This year we have decided to go with swerve drive to operate our robot. Knowing that optical encoders read zero regardless of position on start up, Ive begun to consider using potentiometers to keep track of steering position. My only concern being that the limited number of turns could possibly prove problematic. So I guess my question is more along the lines of this, would potentiometers or optical encoders be more suitable for such a drive system? And for teams that have used swerve drive and potentiometers, have you ever found them to be restrictive in terms of how one must drive in order to make sure you dont max them out? Or do you use continuous potentiometers?
We found absolute encoders to work well with appropriate programming.
Continuous potentiometers seem to be what you’re looking for. If your swerve drive can turn fast enough, another option is to program it to unwind itself after a certain number of turns.
Okay then question, what absolute encoders, or continuous potentiometers do you use?
In our FTC swerve drive, we found that the deadband point at the rollover in continuous pots were too large for the sensors to be used effectively. I’m not sure if this becomes less of an issue at FRC scale, but it is something to be mindful of.
I know several teams have used absolute encoders, like USDigital’s MA3 (http://www.usdigital.com/products/encoders/absolute/rotary/shaft/MA3) successfully, but I have no experience with them.
There’s a great magnetic encoder made by Austria Microsystems with a whole lot of operating modes. You can find the WPI reference right here: Encoder .
Extra tip: If you decide to go with this one, and wanted to use the PWM signal, just use a low-pass filter to convert to good ol’ analog signals for you cRIO module.
You can obtain 5 turn or ten turn pots for this application. You also can use reduction drive (gear or belt) to connect to a standard pot or encoder that only has 270 degree rotation.
Have used them for 2 years on the swerve and have worked well.
You can also use an incremental encoder with an index to detect a fixed zero position. However, the last I knew, these did not work well when using the built-in position control of the Jaguars, if you try to use the index pin on the Jaguar’s encoder input. You’ll have to have a procedure for making sure the index is picked up before you can rely on this reference. For instance, it might be possible to have the students who set the robot on the field manually twist each swerve unit so it passes the index, after the robot is powered up but before it is enabled (obviously). Another option is to have the swerve units rotate for a time right after things are enabled, in order to ensure the index has been ‘seen’.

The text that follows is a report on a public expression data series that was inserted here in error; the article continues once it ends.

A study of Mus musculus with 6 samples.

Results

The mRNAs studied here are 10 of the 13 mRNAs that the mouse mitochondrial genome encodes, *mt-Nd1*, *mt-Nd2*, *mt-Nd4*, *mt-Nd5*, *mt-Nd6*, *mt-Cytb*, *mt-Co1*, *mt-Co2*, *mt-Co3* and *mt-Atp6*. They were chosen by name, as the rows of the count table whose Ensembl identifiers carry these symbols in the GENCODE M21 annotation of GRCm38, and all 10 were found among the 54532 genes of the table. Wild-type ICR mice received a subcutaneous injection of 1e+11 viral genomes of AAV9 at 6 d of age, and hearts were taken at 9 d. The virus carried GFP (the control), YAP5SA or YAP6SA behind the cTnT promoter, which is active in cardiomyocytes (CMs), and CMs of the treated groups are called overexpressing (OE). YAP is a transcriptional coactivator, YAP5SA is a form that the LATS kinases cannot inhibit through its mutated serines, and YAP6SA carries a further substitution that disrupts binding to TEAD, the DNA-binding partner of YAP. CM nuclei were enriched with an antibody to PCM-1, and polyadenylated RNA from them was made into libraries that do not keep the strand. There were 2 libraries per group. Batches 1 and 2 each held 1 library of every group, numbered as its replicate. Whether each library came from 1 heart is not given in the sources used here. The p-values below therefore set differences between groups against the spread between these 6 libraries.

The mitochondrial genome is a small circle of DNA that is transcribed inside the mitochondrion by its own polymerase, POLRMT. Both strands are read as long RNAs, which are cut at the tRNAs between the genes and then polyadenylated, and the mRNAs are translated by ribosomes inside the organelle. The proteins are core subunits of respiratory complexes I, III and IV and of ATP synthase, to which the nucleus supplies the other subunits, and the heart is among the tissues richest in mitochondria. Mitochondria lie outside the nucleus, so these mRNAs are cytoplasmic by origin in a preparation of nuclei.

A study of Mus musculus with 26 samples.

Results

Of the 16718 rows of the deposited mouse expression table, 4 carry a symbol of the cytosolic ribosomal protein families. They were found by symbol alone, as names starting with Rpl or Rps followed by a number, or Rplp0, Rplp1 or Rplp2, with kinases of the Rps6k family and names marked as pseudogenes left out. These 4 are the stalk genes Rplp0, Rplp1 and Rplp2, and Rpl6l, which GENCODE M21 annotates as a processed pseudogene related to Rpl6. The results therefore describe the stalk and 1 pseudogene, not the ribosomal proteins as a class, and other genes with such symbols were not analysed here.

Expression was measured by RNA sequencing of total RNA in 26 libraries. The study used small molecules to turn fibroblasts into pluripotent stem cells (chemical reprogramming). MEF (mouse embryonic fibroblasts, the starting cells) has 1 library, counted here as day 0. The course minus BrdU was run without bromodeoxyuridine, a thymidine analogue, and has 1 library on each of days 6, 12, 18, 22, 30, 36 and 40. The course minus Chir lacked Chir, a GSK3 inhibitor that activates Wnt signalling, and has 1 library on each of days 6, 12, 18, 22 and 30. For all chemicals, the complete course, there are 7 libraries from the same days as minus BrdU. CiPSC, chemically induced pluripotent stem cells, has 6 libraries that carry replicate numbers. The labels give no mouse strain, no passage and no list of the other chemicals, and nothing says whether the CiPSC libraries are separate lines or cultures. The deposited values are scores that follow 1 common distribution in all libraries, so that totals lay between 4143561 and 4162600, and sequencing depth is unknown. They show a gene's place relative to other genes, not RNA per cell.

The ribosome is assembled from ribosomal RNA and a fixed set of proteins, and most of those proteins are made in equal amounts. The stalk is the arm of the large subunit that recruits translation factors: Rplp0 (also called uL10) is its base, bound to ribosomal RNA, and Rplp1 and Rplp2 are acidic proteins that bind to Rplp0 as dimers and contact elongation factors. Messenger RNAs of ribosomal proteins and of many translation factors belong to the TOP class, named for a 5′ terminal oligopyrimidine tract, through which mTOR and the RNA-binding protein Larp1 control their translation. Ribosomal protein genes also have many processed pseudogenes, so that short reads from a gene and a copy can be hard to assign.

Let us know if you find a absolute optical encoder that isn’t expensive, the magnetic ones seem to be more manageable in this way.
I use the US Digital MA3 for all of my swerve builds.
They are single turn, but limitless. Their behavior near the 0 point is reasonable.
We count turns as we go and it works well.
My first year on a team I had the same problem as the OP. Our solution was to use the Cherry AN8 sensor. This sensor is a Hall Effect rotational position sensor. It somes in a 360 degree variant, and is analog output. It will output a voltage between 0.5V and 4.5V, so it is easily connected to the analog breakout board. I never had any problems with a dead band on the sensor between the 0 and 360 area.
The reason we love this sensor is that it is absolute between power cycles of the robot, it will always output based upon the magnet’s orientation. It will also automatically wrap the voltage at the 0-360 transition, so there is only one voltage per angle (as opposed to the multi-turn potentiometers).
Mechanically it can be mounted similar to the potentiometers, there is a magnetic head which has to be tied in to the rotational system. Then the sensor body gets mounted a few millimeters above that sensor head (it is a non-contact sensing system).
Here is the datasheet for the sensor:
Here is a link to the Digikey product page for the sensor:
I also had created a C++ class for this sensor, so if anybody is interested let me know and I can dig that out and post it.
We’re using a quadrature optical encoder with a homing tick from USD.
We used them in the recent past with great success. They were very accurate and reliable, in part because of the sealed body. They were a little on the expensive side but we got a special deal from USD. I’ll try to get back with model No.
We have used pots simply because we wanted to know if we had turned more than 360 degrees and in which direction.